Study Connects Climate Hazards to 58% of Infectious Diseases


Climate hazards such as flooding, heat waves and drought have worsened more than half of the hundreds of known infectious diseases in people, including malaria, hantavirus, cholera and anthrax, a study says.

To examine how many conditions they could link to climate hazards in some manner, including infectious diseases, the researchers widened their search to look at all types of human ailments, including non-infectious disorders like asthma, allergies, and even animal bites. The study discovered a total of 286 distinct illnesses, of which 223 appeared to be made worse by climate risks, nine were made less severe by climate hazards, and 54 had cases of both aggravation and diminution.

What Researchers Says:

Researchers looked through the medical literature of established cases of illnesses and found that 218 out of the known 375 human infectious diseases, or 58%, seemed to be made worse by one of 10 types of extreme weather connected to climate change, according to a study in Monday’s journal Nature Climate Change.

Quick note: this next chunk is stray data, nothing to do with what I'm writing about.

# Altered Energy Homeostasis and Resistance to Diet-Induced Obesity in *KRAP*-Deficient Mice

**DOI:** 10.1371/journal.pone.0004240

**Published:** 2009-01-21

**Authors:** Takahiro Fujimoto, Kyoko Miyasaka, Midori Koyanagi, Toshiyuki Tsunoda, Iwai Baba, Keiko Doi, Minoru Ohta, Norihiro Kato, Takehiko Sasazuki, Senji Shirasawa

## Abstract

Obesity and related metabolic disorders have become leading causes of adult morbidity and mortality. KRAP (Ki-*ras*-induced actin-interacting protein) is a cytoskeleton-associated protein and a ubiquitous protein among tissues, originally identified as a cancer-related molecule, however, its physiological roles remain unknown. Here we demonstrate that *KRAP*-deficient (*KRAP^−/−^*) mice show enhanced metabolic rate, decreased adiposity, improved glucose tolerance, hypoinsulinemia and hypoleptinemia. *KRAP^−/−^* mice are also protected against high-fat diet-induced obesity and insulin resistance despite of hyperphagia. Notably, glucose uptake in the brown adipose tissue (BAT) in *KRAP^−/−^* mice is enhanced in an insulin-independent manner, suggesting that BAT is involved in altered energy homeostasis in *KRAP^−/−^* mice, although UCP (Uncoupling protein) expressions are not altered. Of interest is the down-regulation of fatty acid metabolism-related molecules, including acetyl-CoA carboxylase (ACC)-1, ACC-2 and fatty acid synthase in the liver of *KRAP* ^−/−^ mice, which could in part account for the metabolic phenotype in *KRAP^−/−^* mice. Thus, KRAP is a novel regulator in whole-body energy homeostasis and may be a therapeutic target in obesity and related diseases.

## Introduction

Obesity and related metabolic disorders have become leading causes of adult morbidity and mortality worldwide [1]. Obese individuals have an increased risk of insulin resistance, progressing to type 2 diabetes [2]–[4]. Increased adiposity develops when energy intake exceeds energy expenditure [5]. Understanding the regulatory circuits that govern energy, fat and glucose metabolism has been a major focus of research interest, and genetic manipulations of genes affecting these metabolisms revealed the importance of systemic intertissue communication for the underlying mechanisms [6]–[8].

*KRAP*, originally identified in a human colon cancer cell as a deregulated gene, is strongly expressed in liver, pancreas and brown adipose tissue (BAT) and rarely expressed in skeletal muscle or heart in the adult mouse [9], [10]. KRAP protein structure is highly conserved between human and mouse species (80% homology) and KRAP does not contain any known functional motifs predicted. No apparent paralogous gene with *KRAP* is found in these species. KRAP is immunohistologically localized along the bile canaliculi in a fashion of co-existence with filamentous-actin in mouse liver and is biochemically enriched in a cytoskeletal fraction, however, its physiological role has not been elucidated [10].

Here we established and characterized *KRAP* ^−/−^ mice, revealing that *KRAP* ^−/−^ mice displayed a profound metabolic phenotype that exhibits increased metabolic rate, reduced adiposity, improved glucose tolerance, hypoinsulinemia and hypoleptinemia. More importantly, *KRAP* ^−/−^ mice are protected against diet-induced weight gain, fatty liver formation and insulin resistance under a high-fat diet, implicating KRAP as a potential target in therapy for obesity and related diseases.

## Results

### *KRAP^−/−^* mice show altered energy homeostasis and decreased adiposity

Climate Changes is a Reason of Health Issues

The study mapped out 1,006 pathways from the climate hazards to sick people. In some cases, downpours and flooding sicken people through disease-carrying mosquitos, rats and deer. There are warming oceans and heat waves that taint seafood and other things we eat and droughts that bring bats carrying viral infections to people.

Consequences of Climate Change

“The findings of this study are terrifying and illustrate well the enormous consequences of climate change on human pathogens,”. Those of us in infectious diseases and microbiology need to make climate change one of our priorities, and we need to all work together to prevent what will be without doubt a catastrophe as a result of climate change.

“This study underscores how climate change may load the dice to favor unwelcome infectious surprises,”. “But of course it only reports on what we already know and what’s yet unknown about pathogens may be yet more compelling about how preventing further climate change may prevent future disasters.